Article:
Progressives who don't want to see the planet melt hoped Seattle would replace the cracked West Seattle Bridge with a new bridge that also incorporated space for a light rail line. That wish isn't coming true.
Instead, Mayor Jenny Durkan settled on a middle option she announced in a press conference on Wednesday: Seattle will repair the bridge now, and in the future the city will explore creating a parallel, separate bridge for light rail, bikes, and pedestrians.
The Seattle Department of Transportation, however, still has questions about a multimodal bridge. SDOT Director Sam Zimbabwe said it was way too soon to say whether the project was even feasible. Sound Transit's in-the-works West Seattle light rail extension plan doesn't include multimodal options.
While local urbanists are more bullish about the prospects—they say this is the best thing they've ever heard from Durkan—they're skeptical about whether she'll follow through.
Durkan announced the city will repair the cracked bridge for $47 million (plus $666,667 in annual maintenance costs) to give it another 15 to 40 years of life. This was the fastest option for restoring traffic on the bridge and preventing West Seattle from being mostly an island for the better half of a decade. However, the repaired bridge won't be operational until at least 2022, Durkan said.
Part of the appeal of replacing the bridge was the potential for Sound Transit to add a West Seattle light rail extension onto the new bridge and marry the two projects. However, issues plagued this transit wet dream; the rapid rebuild SDOT eyed wouldn't have been able to support the train, SDOT said in a statement, and the city's engineering consultants stated a new bridge would have to be built higher than the current 140-foot bridge with about an 8% grade. Light rail trains can't handle that kind of incline.
Sound Transit is currently in the environmental review process for the route extensions to West Seattle and Ballard. A big controversy in both light rail extensions is whether the light rail will go into a tunnel in Ballard and West Seattle. Keeping light rail on a high-rise bridge is cheaper. Long before COVID-19 did a number on the economy and the West Seattle Bridge crapped out, Sound Transit said Seattle would need to raise $700 million in third-party money for a West Seattle tunnel option that would only cover a hillside tunnel from Delridge Station to Alaskan Junction. No one has come forward with a spare $700 million.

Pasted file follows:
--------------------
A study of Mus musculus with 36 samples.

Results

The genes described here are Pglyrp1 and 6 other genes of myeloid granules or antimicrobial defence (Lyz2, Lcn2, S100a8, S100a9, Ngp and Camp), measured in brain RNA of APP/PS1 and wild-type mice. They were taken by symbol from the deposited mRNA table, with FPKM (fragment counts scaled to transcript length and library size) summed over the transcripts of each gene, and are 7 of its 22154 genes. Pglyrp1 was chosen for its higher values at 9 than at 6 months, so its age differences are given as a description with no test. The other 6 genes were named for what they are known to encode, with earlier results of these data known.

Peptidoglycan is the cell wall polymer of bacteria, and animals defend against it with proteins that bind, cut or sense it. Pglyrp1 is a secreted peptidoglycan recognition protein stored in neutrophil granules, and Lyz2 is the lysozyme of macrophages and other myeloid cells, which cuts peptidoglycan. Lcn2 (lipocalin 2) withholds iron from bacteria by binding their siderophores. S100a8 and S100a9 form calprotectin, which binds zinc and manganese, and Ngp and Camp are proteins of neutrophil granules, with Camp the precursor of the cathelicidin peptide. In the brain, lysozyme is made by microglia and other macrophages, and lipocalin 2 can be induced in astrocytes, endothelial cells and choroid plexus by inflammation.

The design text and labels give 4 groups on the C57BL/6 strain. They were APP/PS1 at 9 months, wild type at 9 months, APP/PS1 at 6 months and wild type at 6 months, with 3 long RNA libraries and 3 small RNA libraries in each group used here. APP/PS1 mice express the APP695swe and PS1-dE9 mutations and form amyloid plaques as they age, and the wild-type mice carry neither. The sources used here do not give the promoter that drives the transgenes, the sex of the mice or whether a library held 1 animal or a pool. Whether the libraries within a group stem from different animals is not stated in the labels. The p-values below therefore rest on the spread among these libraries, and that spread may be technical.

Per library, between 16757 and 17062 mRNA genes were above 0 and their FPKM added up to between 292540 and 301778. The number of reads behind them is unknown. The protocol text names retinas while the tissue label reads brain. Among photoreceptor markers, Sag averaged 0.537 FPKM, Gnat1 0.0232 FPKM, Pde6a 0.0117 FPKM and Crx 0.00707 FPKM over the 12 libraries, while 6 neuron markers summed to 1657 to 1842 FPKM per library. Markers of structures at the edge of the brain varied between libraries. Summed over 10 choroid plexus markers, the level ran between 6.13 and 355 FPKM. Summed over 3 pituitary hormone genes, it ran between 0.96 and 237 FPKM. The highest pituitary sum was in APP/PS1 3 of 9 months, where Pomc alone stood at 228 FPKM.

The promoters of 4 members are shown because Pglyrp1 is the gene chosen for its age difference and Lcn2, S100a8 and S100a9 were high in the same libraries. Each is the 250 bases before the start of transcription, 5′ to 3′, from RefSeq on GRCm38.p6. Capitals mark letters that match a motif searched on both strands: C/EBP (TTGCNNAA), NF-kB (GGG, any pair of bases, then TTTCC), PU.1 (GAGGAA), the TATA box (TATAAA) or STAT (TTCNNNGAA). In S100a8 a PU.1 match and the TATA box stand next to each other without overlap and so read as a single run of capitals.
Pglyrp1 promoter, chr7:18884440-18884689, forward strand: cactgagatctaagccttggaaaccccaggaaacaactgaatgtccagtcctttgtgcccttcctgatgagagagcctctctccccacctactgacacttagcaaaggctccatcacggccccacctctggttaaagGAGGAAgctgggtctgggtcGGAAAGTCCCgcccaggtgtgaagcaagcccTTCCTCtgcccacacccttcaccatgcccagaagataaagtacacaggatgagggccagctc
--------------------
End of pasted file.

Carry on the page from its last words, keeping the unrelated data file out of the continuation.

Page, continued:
Draft environmental reviews won't be done until mid-2021. A final review will follow, and Sound Transit will choose a construction project by 2023. Durkan's plan—which seems to favor the light rail bridge crossing since it will be multimodal, Doug Trumm, executive director of The Urbanist tells me—would require Sound Transit to go back to the drawing board.
"The Sound Transit 3 plan that voters approved only authorized construction of a light rail bridge," Sound Transit spokesperson Rachelle Cunningham told me. "Changing that plan to a multimodal crossing would require additional funding and planning time."
Cunningham said Sound Transit was "open to discussions with funding partners" about other plans. However, suburban members of the Sound Transit board weren't keen on tunnel options for West Seattle—board members from Edmonds and Everett signaled they wouldn't add funding costs to ST3 back in 2019.
Jonathan Hopkins, the political director for Seattle Subway, said Durkan's idea was "one of the best things I’ve heard out of the mayor’s mouth since she became mayor." Hopkins pointed to the Tilikum Crossing Bridge in Portland as an example of a rail, bike, and pedestrian bridge that works. He called Durkan's idea the kind of "big thinking that a first-rate city does." Still, he's skeptical.
"I want to believe her," Hopkins said, "But action is required."
While each Sound Transit light rail station has a multimodal budget, Trumm with The Urbanist said, Durkan's idea "might break the bank." Durkan will need to persuade Sound Transit board members to agree with her. "Is Mayor Durkan ready to help foot the bill for a West Seattle Link multimodal trail if that's Sound Transit's condition?" Trumm mused.
Durkan said construction on this plan wouldn't start for at least seven years. She also said in the next 10 to 20 years Seattle needs to get real about ditching cars for other transit options. This multimodal bridge could finally affirm Durkan's self-dubbed title of "climate mayor." The bridge also satisfies an SDOT goal to "create redundancy" in transportation options. What that means is that if one mode, like a 36-year-old vehicle bridge, falls apart, commuters still have another way to travel to West Seattle.
Still, funding and structural uncertainties remain around Durkan's plan. Like, will the bridge still need to be built over 140-feet tall? Listen, I'm no Tour de France King of the Mountain on a bike, but I'd ride up that bridge just for the thrill.